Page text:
A Word on Welcoming | Dawn Stuemke [Guest Post]

Small Group Leaders. We are some of the most hospitable people you'll ever meet! We open our homes on a regular basis and know how to make people feel welcome. One of the most admirable qualities that we as small group leaders have is that we make our group members feel right at home. Group members come in, know they have "refrigerator rights," know where to find a spoon or a cup and they know their way to the rest room. Our group members know which chair they find most comfortable and which one to avoid. When we as hosts are busy putting the finishing touches on a meal they feel free to answer our door bell and help friends with their coats. In fact, most understand that on C2 nights the door bell is optional and the door is unlocked. While this ability to place people at ease is one of our greatest assets, it can also be a liability if we are not careful.

Open arms to new people is so important and in our churches we want our groups to be open groups - a culture of welcoming new people. Hopefully all of us as group leaders are welcoming new people on a regular basis. This is where we need to be diligent in our hospitality practices. While the majority of group members know how things work and where things are in your home, new people need to be given instruction. Some of these are "no brainers" and may seem obvious, but when our group friends feel like family we can get a bit too relaxed.

Here are a few tips to help everyone feel comfortable:

1. Always make it a point to have introductions when a new person comes in. Go around the group so everyone can tell their name and something about themselves - something to "hang a memory" on. For instance, "We're Bill and Mary and we just returned from a vacation to the Grand Canyon," or "I'm Susan and by profession, I am a teacher," or "I'm Jacob and my favorite sport is baseball."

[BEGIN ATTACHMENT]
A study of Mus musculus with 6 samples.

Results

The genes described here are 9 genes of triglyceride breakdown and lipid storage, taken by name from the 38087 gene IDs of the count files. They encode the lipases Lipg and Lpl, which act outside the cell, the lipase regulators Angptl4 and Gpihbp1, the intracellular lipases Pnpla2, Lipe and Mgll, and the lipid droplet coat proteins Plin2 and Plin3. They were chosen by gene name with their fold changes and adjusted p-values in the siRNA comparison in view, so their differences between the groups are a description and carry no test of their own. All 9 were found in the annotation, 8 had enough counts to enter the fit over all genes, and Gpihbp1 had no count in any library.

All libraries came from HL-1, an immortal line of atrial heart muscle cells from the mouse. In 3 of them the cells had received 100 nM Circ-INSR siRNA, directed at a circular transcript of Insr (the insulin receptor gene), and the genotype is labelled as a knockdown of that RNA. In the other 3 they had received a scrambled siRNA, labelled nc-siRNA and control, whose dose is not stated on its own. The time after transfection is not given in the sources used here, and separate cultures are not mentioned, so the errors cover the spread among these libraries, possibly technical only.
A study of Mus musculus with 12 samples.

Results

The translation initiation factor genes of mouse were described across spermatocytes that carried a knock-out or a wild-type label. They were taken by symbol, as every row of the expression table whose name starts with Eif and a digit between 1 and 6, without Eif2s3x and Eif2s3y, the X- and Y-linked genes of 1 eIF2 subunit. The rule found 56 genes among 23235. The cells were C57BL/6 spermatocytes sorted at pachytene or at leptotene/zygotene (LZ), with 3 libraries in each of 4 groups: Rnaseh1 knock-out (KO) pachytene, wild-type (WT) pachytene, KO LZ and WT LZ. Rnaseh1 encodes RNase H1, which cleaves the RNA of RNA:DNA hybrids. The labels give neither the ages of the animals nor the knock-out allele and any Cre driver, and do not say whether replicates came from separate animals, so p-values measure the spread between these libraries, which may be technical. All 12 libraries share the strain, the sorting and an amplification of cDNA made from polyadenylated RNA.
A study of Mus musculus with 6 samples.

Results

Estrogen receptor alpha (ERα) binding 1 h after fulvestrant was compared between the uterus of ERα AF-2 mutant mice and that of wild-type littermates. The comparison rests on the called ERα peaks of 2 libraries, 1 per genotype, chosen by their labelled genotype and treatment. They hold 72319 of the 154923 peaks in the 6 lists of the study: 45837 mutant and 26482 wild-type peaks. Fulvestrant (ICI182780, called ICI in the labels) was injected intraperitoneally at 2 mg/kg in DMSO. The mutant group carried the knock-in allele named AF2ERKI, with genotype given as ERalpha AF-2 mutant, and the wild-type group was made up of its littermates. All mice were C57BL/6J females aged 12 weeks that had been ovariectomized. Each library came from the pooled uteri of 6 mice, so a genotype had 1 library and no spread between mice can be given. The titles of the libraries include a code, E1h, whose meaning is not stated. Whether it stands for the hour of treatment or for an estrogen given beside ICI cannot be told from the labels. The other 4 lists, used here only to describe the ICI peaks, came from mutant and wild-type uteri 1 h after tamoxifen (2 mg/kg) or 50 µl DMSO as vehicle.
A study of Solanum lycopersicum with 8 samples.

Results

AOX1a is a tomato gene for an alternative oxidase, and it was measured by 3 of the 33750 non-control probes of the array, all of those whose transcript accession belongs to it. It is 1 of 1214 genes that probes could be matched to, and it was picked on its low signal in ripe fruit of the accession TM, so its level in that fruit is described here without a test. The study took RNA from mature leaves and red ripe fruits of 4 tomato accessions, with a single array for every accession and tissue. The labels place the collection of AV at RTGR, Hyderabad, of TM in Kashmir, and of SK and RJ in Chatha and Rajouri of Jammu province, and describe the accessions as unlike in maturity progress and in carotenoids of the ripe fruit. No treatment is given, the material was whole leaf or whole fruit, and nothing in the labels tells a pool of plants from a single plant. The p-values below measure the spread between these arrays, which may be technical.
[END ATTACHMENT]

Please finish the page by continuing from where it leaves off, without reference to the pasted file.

2. Before offering a prayer of thanks for the meal, give some basic instructions...where to find napkins and silverware, what beverages are available, seating instructions, the flow of the serving line, where the desserts are served, etc...

3. Make sure the rest room(s) are sparkling clean.

4. Put more than one hand towel out in the rest room. Make sure they are fresh and clean. A good option can also be to put out a box of the disposable hand towels made by Kleenex or even a roll of paper towel. Make sure the trash can is empty at the beginning of the evening.

5. Make sure the soap is plentiful and extra rolls of toilet tissue are easy to find.

Walk through your home looking with fresh eyes. It is easy to become so "at home" that we do not see issues that a first time guest may have.

Appointing one or two other people in your group to help with hospitality can also be helpful.

Thank you for opening your hands, your hearts and your homes. You serve a vital role in the church and the Kingdom of God.

About the Author

Dawn StuemkeDawn Stuemke is a staff pastor at Calvary Temple Christian Center in Springfield, Illinois, overseeing connection, assimilation, and adult education. She studied at Central Bible College and Global University, and is currently in the process of becoming a certified life coach.